The official Nordic co-operation is financed principally with tax revenues from Denmark, Finland, Iceland, Norway and Sweden.
There is a special distribution plan which specifies how much each country will contribute to the Nordic budget to run co-operation in the Nordic Council, the Nordic Council of Ministers and in the Nordic institutions which receive monies from the Nordic budget.
The total annual budget for the Nordic Council is about DKK 30 million and the budget for the Nordic Council of Ministers is slightly more than DKK 900 million. This means that Nordic co-operation costs no more that about DKK 40 per head in the Nordic countries. This is cheap international co-operation.
More than one third of the Nordic Council of Ministers' budget goes to funding the Nordic institutions. Several institutions are funded fully or partially in this way. The Nordic governments are direct financial contributors as well as sources completely outside the public sector.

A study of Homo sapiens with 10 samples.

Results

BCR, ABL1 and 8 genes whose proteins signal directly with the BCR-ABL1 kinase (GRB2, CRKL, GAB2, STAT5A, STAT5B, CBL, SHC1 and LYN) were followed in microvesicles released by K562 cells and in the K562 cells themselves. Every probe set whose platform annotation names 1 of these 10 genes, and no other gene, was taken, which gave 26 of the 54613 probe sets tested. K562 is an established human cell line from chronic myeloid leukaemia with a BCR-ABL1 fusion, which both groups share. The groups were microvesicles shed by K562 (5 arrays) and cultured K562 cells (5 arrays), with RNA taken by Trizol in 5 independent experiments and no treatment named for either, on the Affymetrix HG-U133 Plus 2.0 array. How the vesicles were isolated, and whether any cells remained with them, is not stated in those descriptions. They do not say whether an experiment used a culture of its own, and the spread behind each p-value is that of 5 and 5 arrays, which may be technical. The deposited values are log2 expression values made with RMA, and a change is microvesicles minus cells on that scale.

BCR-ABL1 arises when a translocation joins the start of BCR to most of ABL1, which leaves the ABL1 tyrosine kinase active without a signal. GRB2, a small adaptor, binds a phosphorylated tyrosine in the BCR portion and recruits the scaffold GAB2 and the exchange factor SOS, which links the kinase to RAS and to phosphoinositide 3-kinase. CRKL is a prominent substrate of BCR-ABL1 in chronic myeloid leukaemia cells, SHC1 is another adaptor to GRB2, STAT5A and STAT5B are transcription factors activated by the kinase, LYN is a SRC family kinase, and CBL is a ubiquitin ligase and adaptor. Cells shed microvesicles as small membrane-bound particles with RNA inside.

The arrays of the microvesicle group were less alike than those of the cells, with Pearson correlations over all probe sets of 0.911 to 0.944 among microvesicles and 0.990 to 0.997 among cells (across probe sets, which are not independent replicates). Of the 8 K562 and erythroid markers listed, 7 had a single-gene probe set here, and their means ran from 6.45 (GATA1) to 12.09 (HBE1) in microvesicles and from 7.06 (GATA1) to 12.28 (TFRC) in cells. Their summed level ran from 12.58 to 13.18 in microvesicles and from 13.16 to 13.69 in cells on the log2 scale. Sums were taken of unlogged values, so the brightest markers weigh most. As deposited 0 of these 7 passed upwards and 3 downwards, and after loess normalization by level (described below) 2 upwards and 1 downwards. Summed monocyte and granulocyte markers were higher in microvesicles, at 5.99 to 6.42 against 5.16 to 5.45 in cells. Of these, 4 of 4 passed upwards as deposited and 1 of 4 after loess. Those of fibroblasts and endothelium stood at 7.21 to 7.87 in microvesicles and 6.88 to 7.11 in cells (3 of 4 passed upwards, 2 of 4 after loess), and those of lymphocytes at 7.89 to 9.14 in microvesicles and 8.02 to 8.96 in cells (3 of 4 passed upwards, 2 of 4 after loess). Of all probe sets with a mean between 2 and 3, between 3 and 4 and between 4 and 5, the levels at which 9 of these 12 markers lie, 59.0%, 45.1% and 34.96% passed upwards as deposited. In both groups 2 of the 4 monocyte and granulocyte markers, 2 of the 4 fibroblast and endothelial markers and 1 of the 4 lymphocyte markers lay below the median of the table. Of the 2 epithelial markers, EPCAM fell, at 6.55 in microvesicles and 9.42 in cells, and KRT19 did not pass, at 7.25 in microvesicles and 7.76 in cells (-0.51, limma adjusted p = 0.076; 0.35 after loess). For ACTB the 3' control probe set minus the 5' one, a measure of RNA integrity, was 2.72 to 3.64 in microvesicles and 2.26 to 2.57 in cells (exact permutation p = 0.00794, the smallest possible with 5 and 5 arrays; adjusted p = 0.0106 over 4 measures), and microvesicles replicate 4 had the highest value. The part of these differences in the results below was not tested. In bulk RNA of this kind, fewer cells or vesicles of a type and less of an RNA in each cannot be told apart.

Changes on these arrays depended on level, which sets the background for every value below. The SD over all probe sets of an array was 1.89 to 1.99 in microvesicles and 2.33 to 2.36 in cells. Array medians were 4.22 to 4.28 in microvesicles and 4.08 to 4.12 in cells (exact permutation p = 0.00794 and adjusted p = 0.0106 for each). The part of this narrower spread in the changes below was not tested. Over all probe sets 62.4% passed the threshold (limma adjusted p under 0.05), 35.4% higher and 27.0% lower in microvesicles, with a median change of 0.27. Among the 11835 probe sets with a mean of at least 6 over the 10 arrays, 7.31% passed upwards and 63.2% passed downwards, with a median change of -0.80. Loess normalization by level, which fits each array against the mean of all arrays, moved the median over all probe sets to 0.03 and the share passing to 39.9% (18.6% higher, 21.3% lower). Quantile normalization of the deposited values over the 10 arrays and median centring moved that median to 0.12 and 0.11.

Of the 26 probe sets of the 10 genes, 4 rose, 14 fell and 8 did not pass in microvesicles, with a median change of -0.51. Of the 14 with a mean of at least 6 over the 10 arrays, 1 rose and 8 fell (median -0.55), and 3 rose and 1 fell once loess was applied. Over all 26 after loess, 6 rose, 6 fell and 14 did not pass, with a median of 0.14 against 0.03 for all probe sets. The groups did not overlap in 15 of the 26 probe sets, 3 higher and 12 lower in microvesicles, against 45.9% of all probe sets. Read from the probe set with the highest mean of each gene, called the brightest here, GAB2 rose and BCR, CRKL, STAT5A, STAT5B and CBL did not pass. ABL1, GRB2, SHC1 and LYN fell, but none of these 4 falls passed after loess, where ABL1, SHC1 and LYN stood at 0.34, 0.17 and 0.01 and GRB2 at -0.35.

For example, the Nordic Film & TV Fund, which administers the Nordic Film Prize, is funded in equal part by the Nordic Council of Ministers, the Nordic Film Institute, and a number of both social and private TV companies in the Nordic countries.
Estonia, Latvia and Lithuania have been co-owners of the Nordic Investment Bank (NIB) since 2005. NIB lends money to projects which boost competitiveness and improve the environment both in the owner countries and in other parts of the world. The bank's capital is guaranteed by the eight countries according to a special prearranged distribution whereby Sweden vouches for the most and Estonia for the least.
The popular co-operation in the Nordic Association, membership of which is open to Nordic citizens, is financed by membership fees, grants from the Nordic governments, support from the Nordic Council of Ministers, from bilateral fund and other sources.